Parliament: Unwed mums to get 16-week maternity leave, fathers get 2 weeks of paternity leave

From next year, unmarried mothers will have 16 weeks of paid maternity leave and fathers will have two weeks of paid paternity leave. PHOTO: CAROLINE CHIA

SINGAPORE - From January next year, unmarried mothers will have 16 weeks of paid maternity leave - equal to their married counterparts - and fathers will have two weeks of paid paternity leave.

Giving new parents more time off work will allow them to spend more time with their children, said Minister for Social and Family Development Tan Chuan-Jin in Parliament on Thursday (Nov 10).

He urged parents to take advantage of the leave saying: "We know that it can be challenging to ensure we have work-life balance, but it is important for us to adopt an active parenting lifestyle. Our children should be our priority now, not later. We need to make the effort to spend both quantity and quality time with our families."

The changes come under the Child Development Co-Savings (Amendment No. 2) Bill passed in Parliament on Thursday.

Under the Bill, mothers with adopted children will also be entitled to more paid adoption leave - 12 weeks compared to the current four weeks - from July next year.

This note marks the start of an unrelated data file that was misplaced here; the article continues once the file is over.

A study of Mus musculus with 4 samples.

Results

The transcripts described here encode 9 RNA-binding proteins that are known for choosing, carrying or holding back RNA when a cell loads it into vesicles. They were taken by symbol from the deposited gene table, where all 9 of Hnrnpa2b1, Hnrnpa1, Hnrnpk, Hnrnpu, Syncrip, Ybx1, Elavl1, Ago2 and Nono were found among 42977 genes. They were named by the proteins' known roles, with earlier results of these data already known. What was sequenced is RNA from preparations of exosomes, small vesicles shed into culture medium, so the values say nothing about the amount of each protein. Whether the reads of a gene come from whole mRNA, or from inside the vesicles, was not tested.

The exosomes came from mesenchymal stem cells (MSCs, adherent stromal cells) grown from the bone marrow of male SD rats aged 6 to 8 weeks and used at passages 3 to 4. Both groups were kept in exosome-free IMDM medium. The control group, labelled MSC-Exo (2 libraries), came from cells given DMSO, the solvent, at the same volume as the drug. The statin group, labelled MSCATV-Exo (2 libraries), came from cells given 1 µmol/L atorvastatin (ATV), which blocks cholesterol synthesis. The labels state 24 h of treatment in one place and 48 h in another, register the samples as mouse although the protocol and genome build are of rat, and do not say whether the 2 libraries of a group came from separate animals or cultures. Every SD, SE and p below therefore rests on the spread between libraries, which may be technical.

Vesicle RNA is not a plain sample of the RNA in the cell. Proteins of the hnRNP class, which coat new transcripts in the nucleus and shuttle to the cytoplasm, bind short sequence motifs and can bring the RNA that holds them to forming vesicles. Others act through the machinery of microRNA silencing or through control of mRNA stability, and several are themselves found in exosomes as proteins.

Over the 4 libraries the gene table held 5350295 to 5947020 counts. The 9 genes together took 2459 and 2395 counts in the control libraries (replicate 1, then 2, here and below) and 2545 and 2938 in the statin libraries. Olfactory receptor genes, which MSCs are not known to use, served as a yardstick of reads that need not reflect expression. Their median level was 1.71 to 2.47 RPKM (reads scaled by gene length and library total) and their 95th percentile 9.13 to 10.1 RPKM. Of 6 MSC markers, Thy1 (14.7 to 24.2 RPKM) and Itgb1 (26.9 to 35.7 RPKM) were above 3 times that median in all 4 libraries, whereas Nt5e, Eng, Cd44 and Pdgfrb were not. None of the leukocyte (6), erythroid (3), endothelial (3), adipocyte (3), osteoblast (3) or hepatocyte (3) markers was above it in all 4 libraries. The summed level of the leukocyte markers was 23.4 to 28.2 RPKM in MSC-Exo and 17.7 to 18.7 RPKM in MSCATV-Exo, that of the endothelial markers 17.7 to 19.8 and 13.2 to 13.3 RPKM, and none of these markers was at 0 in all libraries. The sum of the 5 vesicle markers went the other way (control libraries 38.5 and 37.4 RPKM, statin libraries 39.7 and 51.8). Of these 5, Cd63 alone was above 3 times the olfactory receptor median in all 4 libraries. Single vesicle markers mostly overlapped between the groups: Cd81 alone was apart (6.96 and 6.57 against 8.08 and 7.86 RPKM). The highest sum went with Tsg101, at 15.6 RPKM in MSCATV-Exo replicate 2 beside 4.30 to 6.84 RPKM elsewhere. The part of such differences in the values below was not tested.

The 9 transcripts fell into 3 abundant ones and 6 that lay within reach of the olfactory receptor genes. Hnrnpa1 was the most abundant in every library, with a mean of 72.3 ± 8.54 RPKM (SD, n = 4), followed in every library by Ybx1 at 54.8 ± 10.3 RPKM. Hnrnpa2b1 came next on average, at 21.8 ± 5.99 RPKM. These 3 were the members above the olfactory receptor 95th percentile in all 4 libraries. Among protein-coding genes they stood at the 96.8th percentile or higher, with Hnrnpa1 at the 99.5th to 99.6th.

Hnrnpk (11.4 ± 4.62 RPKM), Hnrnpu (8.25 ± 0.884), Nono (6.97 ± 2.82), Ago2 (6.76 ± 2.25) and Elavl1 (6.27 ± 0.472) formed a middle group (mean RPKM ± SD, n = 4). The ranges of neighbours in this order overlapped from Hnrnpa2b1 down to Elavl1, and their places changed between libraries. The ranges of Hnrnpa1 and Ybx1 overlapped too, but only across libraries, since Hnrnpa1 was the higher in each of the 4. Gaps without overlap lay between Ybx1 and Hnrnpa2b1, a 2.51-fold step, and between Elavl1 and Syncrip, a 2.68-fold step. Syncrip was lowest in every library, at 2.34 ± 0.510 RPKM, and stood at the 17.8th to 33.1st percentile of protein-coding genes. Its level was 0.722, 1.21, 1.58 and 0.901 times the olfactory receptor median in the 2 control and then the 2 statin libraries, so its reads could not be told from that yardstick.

Another change will give amothers the option to share up to four weeks of their maternity leave with their husbands. Currently, the Shared Parental Leave scheme only allows for one week to be shared.

Members of Parliament (MPs), speaking during the debate on the Bill, welcomed the amendments to the Child Development Co-Savings Act.

But they urged the Government to go a step further in its support of parents.

Mr Seah Kian Peng (Marine Parade GRC) said the extension of the 16-week maternity leave to unwed mothers was "a baby step in the right direction", but said other benefits should also be equalised.

His call - to also give unwed mothers the Baby Bonus and provide for their housing needs - was echoed by Mr Desmond Choo (Tampines GRC), Mr Alex Yam (Marsiling-Yew Tee GRC), and Non-constituency Member of Parliament Daniel Goh.

In response, Mr Tan said that the Government is committed to supporting all Singaporean children through education and healthcare benefits, among other things, regardless of their parents' marital status.

"For unwed parents, there are various ways in which we can support them through various means," he said.

For instance, children from disadvantaged families are given more financial and social support, such as through schemes like KidStart that gives these children learning and health support in their early years, he added.

He also said the Housing and Development Board does exercise flexibility on a case-by-case basis to help divorced or single parents buy a flat within their means.

As to extending benefits, such as the Baby Bonus scheme and tax relief, to unwed mothers, Mr Tan reiterated that the Government's stance is to encourage parenthood within marriages.

"It is also important to understand that we continue to believe in the importance of the family institution. We encourage married couples to have children. Hence, specific measures...are targeted at married families,"

The nine MPs who spoke also asked what was being done to encourage more fathers to use their paternity leave. Last year, 42 per cent of those elgibile had made use of it.